After the confusion about what weaponry the US would supply to Ukraine and growing talk of divisions within the Western alliance, Joe Biden has a piece in the New York Times trying to clarify what US policy is. Biden makes clear that he, like Zelensky, accepts that the war will end through diplomacy rather than total victory for one side or the other. He says that the US will supply Ukraine with weaponry, including longer range artillery, to ensure that it enters those negotiations in the ‘strongest possible position’. He is also adamant that the US will not pressure Ukraine to cede territory to try and bring an end to the conflict.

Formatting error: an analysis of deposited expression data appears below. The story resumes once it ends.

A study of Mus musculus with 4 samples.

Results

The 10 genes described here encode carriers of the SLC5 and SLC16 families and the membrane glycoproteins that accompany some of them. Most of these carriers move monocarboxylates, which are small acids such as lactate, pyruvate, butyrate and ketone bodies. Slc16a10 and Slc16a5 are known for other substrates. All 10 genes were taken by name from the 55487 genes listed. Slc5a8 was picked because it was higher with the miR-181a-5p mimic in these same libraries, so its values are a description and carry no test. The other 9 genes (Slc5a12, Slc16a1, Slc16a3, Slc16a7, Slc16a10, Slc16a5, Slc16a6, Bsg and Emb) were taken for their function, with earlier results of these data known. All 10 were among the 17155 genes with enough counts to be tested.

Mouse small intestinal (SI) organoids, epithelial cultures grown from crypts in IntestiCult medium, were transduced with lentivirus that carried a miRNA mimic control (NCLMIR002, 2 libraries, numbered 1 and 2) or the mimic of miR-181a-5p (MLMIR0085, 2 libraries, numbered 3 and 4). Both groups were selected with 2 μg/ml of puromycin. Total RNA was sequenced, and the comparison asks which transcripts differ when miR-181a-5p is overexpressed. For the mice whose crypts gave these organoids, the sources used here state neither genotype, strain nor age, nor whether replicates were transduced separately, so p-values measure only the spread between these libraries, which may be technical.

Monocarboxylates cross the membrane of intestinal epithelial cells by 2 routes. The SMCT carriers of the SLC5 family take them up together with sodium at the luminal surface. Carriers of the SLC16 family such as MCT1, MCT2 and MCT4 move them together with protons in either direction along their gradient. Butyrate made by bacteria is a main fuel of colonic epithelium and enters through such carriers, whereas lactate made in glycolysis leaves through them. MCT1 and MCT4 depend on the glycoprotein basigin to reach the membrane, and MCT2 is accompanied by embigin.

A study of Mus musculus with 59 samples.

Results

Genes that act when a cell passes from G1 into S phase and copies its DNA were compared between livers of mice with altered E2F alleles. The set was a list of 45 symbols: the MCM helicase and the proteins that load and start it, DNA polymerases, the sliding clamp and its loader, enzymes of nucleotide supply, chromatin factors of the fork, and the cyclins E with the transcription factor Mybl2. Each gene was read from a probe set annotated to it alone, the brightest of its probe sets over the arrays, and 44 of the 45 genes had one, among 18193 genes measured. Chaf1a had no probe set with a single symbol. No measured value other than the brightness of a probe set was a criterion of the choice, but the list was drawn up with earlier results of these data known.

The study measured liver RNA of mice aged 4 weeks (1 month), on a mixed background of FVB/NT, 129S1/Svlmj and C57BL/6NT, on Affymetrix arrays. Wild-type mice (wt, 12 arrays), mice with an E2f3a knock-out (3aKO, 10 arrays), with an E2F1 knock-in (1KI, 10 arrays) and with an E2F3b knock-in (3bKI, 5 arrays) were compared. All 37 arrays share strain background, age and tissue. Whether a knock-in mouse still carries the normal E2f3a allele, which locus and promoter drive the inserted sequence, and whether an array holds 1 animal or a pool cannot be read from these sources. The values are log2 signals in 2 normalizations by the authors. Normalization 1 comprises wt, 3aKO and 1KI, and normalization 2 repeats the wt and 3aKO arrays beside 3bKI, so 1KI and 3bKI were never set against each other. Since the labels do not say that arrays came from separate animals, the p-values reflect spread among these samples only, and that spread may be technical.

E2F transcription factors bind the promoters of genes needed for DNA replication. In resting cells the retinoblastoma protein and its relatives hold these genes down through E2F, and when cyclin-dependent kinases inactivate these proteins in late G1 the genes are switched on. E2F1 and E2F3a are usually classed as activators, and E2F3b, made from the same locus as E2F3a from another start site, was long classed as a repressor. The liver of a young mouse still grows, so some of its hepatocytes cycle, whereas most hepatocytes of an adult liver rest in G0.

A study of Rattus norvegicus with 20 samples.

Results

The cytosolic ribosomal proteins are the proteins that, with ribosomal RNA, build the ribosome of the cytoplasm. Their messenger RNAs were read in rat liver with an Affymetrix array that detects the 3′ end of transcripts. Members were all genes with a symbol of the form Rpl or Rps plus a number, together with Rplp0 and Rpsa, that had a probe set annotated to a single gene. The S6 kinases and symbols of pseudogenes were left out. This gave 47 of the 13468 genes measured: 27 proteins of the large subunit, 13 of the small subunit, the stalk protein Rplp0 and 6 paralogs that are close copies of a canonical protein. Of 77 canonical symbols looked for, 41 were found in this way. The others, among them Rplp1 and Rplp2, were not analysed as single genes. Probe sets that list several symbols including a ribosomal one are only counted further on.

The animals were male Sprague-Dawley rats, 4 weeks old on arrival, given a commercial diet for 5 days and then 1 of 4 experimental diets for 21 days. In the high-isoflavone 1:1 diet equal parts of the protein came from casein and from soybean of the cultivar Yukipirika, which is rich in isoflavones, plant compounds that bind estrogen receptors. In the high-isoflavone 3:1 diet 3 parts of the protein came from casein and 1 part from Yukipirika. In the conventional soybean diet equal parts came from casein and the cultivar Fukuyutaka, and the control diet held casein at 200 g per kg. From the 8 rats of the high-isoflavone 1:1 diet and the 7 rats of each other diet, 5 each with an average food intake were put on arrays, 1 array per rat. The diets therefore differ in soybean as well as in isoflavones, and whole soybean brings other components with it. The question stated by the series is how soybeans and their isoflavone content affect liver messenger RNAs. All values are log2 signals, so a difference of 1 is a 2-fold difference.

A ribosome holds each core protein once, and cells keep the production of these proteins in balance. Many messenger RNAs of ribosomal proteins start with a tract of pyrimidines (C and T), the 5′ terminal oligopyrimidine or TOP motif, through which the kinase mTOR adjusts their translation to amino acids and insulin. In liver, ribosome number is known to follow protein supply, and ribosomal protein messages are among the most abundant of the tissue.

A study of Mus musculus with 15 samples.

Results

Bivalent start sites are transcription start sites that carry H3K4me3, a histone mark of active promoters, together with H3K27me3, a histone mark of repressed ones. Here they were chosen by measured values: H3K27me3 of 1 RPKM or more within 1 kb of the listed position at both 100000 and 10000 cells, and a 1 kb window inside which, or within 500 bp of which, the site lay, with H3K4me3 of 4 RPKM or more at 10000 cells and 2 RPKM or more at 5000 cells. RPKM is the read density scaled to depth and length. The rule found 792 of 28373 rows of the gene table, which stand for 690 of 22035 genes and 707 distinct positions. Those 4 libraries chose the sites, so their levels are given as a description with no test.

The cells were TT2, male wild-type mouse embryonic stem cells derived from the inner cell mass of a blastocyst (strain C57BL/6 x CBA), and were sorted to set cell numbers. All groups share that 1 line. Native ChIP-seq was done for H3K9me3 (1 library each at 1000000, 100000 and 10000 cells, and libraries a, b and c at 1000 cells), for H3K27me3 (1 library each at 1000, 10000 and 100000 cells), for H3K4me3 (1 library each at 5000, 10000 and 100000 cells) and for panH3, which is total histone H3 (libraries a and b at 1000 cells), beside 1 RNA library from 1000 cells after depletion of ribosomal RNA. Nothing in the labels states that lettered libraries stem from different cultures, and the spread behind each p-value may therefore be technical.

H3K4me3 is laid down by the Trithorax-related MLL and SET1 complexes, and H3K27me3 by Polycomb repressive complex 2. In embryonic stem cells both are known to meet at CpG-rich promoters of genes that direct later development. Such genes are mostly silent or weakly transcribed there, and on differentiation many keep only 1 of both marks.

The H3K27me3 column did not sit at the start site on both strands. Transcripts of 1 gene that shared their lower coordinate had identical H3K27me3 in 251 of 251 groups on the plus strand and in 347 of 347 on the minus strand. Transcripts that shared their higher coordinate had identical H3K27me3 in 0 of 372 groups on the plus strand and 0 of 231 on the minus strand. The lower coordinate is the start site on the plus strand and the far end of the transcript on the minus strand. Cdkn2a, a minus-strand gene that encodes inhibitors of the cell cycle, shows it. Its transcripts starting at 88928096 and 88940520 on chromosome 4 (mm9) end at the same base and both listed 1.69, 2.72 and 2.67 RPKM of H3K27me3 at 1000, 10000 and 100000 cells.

I think the best way to read Biden’s column is that he is saying he will support Ukraine in pushing the Russians back to where they were before the most recent invasion on 24 February.
Biden argues that the US is supporting Ukraine to bolster European security, deter future Russian revanchism and show others that territory cannot simply be seized by force. Previously Biden has suggested that if Russia succeeded in Ukraine, it would make China more likely to try and seize Taiwan.
Biden's piece undoes some of the confusion caused by his comments about not sending Ukraine long range weapons. It also makes clear that Washington will carry on supporting Ukraine until Russia has been pushed back to where it was before 24 February. In public, nearly all other Western leaders could sign up to the Biden position – Scholz just praised it in the German parliamentary debate on Ukraine – even if in private there are some differences. But if the US is determined to lead, that will strengthen the resolve of the Western alliance.